The mine in 1851
The mine in 1863
The mine in 1885
Gonamena Mine
Liskeard and Caradon Railway
Liskeard and Looe Canal
 


Much of the evidence of earlier tin working of the Seaton Valley has been lost beneath the upheaval caused by South Caradon Mine. But a small section of tin streaming remains exist in the upper part of the sett, and nearby the huge open scar of Gonamena openworks dominates the landscape.

A Victorian enterprise 
South Caradon had a huge influence on the South East Cornwall area. It commenced production in 1838 at the beginning of the Victorian era and raised its last ton of ore towards the end of the Queen's reign in 1890.  
The mine was born in the early Victorian period, during the decades of social unrest and change caused by the Industrial revolution. Its peak production coincided with the "high" Victorian years, represented by the Great Exhibition of 1851, a time when Britain became the workshop of the world. Its final struggles for survival occurred in the late Victorian years, a period when the whole country was feeling the impact of industrialization abroad.  

Milestones in Cornish history 
South Caradon's History is also set against a backdrop of great changes within Cornwall. Its founding was towards the end of the great copper boom initiated by the advances made in steam engine technology in the Duchy. Its growth in the 1840's occurred when the Western mines were closing due to the exhaustion of their reserves. The 1860s were to mark the collapse of the industry and lead to poverty and a emigration on a massive scale. Cornwall's population has never recovered to its 1860's levels, and today descendants of the Cornish miners can be found all over the world
Another great change occurred in 1859 when Brunel's railway bridge was opened at nearby Saltash. The river Tamar was finally no longer the physical border it had represented since the Dark ages, splitting British from invaders, Celt from Anglo Saxon, Cornish from English. The Railway age removed Cornwall's traditional isolation from the rest of Britain. 

Geography influences History 
A major factor in South Caradon's history was its location in the Easterly part of Cornwall. The large granite mass of Caradon Hill overlooks an area that is many miles from the rich mineral deposits of West Cornwall. A separation that may have influenced the late development of copper mining in the district. This late start placed the mine in a position of having large copper reserves available when mines in the West started to fail. Unfortunately, this also left the mine struggling in its later years against the rapidly falling price of copper. 
These factors led to the migration of miners across Cornwall into the Caradon region and caused huge social changes in the area. When South Caradon finally closed it left miners with no prospects of work anywhere else in the Duchy. Many went to England to find work in factories of coal mines, but large numbers emigrated to work metal mines all around the world.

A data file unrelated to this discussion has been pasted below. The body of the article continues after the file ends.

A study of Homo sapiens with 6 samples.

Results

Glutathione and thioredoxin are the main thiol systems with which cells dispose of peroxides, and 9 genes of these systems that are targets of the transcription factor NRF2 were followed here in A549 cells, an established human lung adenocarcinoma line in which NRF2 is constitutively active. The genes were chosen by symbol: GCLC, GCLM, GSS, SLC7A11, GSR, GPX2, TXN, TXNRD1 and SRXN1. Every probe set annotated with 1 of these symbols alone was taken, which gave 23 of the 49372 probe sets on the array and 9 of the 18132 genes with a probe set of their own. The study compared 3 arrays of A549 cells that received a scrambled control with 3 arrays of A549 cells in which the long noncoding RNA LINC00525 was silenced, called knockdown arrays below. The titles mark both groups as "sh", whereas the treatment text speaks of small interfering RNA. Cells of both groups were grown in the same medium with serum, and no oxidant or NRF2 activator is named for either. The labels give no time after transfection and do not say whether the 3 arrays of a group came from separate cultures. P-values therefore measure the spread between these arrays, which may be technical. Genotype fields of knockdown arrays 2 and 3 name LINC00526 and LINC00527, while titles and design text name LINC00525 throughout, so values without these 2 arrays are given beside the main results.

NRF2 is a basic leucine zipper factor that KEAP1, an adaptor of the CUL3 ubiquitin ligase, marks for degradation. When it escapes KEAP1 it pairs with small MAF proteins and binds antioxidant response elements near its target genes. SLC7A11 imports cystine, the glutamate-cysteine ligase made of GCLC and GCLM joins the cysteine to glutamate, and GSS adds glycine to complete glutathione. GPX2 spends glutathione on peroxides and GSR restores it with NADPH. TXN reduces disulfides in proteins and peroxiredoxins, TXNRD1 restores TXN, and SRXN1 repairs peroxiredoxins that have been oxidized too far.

Graylands House Liskeard Greylands House 
Liskeard 


This large house was built on the wealth from the mine.  Constructed for Peter Clymo in 1855 it was originally named Dean House. 
 

The Hypocrisy of the finance market 
Many speculators believed that little copper lay east of Truro and it was left to practical miners to disprove this theory. The Clymo brothers and Thomas Kittow worked on a previous abandoned trial adit and struck copper. Even after the discovery of the lodes, the money markets of London refused to risk money on the mine. 
The miners therefore funded the mine's development themselves, and became extremely wealthy in the process. Once copper mining had become established however, speculators jumped on the bandwagon forming a multitude of mines with the word "Caradon" in their title hoping to attract unwary investors. Most of these ventures proved unsuccessful and helped give Cornish mining a poor reputation for investment. 

A Mine Operated by Miners 
Being left in the hands of skilled miners gave South Caradon mine several advantages financially over those owned by "up country" investors. For most of its life the mine operated under the Cost book system as regulated by Cornish Stannary law. This system was extremely simple and success often depended on balancing investment in new exploration with the profitable extraction of ore. The practical skills of the Clymo brothers allowed them to get the most out this large mine for many years without resorting to forming a public company. 

A wealth still underground? 
A downside of the late timing of the venture was that it was hit by the fall in the price of copper. It was the low price of copper that closed the mine not the lack of available ore. For example in 1864 the mine made over £57,000 from the sale of about 5,700 tons of ore. But, in 1880 over 6,800 was sold to give only £30,000. This halving of the ore price was to cause costs to outstrip revenue and lead to the mines closure when workable reserves where still available underground. 
 

On many mine sites in Cornwall dangers may still exist, many hidden.  
This web site is published as a resource to those using the public rights of way.